PUBLISHED: 16:01 10 January 2017 | UPDATED: 16:01 10 January 2017

Landa George

Landa George

Archant

Pots, pans, screwdrivers, sugar: these are just some of the things that Landa George’s mother has wrongly accused neighbours, friends, and family of stealing over the last twenty years.

In 2009, mental health nurse Landa’s mother was diagnosed with vascular dementia. It was only then that she and her family realised there might be a link between her illness and her delusions. “Up to that point, we thought it was just her personality,” said Landa.

Now Landa, of Stamford Hill, is launching a free e-book - Delusion of Theft in Dementia - to raise awareness of the issue, informed by her experiences with her mother.

“Over the years I was managing my mum’s personality, and we were in conflict even though I was trying to support her. We would always argue, because she thought I wasn’t listening to her when I didn’t believe her.”

In Landa’s experience it is almost always non-valuable items that become the focus.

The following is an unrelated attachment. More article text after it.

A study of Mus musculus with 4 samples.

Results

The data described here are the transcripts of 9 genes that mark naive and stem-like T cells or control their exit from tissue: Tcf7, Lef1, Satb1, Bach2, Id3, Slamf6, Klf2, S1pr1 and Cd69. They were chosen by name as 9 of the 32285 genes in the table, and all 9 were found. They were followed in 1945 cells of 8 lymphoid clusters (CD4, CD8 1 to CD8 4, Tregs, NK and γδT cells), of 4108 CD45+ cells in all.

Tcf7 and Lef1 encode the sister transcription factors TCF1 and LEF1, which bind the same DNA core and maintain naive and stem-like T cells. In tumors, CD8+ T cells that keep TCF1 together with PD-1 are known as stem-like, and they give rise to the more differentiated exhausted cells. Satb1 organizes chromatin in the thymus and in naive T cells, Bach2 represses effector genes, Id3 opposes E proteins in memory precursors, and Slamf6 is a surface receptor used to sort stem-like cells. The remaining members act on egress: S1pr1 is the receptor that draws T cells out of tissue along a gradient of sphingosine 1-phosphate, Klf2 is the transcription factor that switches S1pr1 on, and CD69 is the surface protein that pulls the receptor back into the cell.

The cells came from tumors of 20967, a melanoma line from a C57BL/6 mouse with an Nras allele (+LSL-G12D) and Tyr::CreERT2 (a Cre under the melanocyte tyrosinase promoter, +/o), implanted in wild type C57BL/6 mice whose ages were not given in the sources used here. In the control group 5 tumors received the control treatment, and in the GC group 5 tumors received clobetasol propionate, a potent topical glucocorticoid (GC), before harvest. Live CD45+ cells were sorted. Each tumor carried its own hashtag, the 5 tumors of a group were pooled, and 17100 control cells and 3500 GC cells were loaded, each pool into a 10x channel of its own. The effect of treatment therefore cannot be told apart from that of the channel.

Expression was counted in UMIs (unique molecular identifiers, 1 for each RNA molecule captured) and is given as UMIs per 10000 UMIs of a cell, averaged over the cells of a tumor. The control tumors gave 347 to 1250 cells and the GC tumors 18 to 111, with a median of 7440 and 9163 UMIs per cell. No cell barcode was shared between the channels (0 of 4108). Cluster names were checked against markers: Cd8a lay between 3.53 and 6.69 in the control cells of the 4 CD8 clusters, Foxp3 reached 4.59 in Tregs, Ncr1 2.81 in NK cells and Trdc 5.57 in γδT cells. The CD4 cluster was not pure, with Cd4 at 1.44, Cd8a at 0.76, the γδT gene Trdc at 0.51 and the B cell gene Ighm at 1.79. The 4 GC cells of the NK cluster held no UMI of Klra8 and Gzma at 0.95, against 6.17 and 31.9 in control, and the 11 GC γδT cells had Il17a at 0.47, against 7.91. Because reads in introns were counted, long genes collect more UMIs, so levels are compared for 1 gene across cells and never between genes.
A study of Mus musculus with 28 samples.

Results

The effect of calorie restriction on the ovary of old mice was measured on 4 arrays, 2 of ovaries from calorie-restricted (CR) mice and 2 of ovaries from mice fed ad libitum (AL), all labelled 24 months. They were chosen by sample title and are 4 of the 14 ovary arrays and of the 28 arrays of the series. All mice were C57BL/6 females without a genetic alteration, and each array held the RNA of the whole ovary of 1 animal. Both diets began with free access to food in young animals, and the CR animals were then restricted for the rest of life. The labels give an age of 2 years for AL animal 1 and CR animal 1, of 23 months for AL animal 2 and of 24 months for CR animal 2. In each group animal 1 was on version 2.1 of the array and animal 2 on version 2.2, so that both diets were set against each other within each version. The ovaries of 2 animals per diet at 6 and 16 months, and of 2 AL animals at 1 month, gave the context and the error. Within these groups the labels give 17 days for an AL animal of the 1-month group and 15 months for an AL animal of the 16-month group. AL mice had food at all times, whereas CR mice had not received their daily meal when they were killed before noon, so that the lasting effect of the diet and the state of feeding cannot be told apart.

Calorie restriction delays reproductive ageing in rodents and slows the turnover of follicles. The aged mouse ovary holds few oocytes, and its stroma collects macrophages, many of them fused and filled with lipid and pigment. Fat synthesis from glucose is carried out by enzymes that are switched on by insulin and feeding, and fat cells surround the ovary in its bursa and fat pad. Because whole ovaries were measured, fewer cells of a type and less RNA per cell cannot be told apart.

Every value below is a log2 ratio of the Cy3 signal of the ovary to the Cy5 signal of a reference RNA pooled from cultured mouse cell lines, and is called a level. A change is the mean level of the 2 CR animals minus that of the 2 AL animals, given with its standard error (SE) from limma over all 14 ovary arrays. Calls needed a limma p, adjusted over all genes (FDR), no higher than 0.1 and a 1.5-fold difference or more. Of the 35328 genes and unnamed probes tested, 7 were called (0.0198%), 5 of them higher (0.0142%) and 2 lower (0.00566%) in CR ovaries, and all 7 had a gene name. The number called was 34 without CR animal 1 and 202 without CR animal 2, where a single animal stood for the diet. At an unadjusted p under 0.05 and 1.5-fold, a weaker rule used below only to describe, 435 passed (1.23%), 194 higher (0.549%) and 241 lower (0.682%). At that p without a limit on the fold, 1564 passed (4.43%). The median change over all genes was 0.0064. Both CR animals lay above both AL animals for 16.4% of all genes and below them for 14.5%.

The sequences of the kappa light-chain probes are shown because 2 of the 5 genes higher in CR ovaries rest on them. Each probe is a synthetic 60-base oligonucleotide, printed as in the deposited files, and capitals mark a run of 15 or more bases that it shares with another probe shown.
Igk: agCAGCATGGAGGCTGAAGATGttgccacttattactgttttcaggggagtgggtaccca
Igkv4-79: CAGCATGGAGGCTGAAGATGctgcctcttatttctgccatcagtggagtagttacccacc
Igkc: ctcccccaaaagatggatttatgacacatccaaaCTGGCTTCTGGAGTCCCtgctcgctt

“She accuses the neighbour of taking sugar, and she’ll hide piles of scissors under the sofa because she’s convinced the neighbour is taking them. She’s had arguments in the street with the neighbour over it, even called the police.”

The issue is not unique to Landa’s mum. After announcing the book at National Carers Day last year, she was surprised by how many attendees came up to her afterwards to talk about people exhibiting the same delusions.

“One woman told me her mother-in-law kept accusing people of stealing cheese - never anything else, just cheese.

“The book should be useful for both carers and professionals dealing with vulnerable older people with delusions. I go through things that help, as well as what not to do.

”You have to listen, take their concerns seriously and be reassuring. Decluttering the environment around them helps too, being active, making sure the person isn’t home alone. And never shout.”

Landa hopes the book will help improve the quality of care for those with dementia.

A launch will take place at Dalston’s LR James library at 3pm on Thursday. Tickets can be reserved here.